The inner ear contains two sensory organs:The organ of balance in the labyrinth
The organ of Corti in the cochlea
In the cochlea, the waves of vibration (sound) mechanically transmitted there via the eardrum and the ossicles (middle ear) are first compressed by means of a highly complex fluid system and then converted into electrophysiologic impulses that are passed on to the central nervous system.
This conversion process can be explained in detail with today's biological knowledge. It takes place in the auditory cells of the cochlea and is connected with movements of hairlike receptors on the cellular membrane and other processes within the cells of the inner ear that depend on ATP as a source of cellular energy (the ion pumps of the cellular membrane, for instance).
In the cell, ATP is produced by the mitochondria.
as a sensation of pressure in the ear, as acute loss of hearing, as acute or insidious tinnitus, as hypacusis etc.
In the semicircular canals of the organ of balance, any changes in the position of our head and body are also conveyed via a fluid system and the movements of hairlike receptors.
For this reason the ATP-consuming processes within the cells in question are almost identical to those in the cochlea during the act of hearing: mechanically transmitted motions are first converted into electro-physiologic impulses and then passed on to the central nervous system.
as a sensation of pressure in the ear, as acute rotatory vertigo, as insidious vertigo etc.
In addition to their similar functional porperties, the labyrinth and the cochlea are connected by means of a common fluid system. This is why inner ear diseases often affect both organs at the same time and show a large variety of symptoms.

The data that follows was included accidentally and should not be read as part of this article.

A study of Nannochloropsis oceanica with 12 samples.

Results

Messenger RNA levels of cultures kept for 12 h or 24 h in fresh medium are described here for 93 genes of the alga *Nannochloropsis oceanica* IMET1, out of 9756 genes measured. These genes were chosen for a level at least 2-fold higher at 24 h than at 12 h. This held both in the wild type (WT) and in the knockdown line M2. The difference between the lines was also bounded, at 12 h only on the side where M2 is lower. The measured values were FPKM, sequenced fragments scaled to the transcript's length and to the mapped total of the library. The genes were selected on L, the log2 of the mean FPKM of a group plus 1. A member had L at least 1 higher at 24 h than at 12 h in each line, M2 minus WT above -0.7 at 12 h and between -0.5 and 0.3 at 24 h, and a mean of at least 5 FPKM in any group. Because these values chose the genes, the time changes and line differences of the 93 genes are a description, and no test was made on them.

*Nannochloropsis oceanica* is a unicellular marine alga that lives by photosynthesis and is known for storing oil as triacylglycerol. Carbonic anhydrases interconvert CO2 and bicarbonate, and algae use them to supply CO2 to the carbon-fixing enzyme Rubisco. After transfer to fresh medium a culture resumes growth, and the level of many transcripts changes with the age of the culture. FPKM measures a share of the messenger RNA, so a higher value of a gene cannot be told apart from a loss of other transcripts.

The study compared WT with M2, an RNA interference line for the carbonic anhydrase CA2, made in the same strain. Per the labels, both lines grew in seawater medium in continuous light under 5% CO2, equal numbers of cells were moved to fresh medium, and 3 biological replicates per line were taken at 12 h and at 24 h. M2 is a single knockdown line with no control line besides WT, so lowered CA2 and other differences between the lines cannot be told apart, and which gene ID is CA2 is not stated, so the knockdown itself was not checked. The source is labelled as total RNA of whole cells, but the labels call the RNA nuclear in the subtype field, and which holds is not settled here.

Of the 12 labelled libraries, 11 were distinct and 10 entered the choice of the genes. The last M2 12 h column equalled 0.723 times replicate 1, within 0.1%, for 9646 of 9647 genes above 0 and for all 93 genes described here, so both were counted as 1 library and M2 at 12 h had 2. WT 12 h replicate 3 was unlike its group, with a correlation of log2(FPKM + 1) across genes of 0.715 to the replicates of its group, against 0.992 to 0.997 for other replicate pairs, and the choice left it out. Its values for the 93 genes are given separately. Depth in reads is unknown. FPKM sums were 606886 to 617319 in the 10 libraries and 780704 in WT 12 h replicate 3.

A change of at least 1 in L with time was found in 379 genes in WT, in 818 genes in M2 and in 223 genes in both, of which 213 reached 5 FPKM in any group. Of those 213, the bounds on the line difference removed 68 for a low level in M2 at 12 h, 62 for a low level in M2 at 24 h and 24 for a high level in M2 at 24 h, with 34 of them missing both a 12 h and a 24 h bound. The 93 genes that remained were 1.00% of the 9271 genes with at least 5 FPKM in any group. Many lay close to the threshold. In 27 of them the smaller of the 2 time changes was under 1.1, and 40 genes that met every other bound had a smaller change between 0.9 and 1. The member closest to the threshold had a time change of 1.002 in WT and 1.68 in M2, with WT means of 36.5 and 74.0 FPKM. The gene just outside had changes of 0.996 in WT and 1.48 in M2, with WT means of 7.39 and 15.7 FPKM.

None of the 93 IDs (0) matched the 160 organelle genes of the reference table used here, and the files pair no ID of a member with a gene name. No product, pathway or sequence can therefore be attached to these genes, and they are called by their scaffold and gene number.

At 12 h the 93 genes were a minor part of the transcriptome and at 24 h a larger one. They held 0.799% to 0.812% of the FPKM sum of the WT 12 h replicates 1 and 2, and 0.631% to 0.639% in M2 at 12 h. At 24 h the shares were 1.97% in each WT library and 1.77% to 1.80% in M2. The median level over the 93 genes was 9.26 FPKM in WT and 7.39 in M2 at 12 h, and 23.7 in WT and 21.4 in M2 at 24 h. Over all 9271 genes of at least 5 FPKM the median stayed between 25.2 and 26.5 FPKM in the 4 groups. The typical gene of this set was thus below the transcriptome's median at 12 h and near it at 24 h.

It goes without saying, of course, that - just as with any other illness - the extent of the respective impairment varies from person to person as well.
But although these factors result in individually different healing processes, the low level laser therapy is able to produce a positive biological reaction no matter what kind of inner ear disease is concerned. This is due to its elementary and biologially compelling working mechanism.
On account of the basic conception of our cellular energy-converting system (collector principle), the electro-magnetic energy released by the oxidation of nutrients is utilized as a source of primary energy for the production of the cellular fuel ATP.
The antennae of the mitochondria can - in addition to the absorption of the released metabolic energy - utilize both the photons of the natural solar radiation ( = apparent biostimulative effect of sunlight on human cells) and the photons of low level laser light ( = clinically proved biostimulative effect of low level laser light on human cells) as a source of primary energy.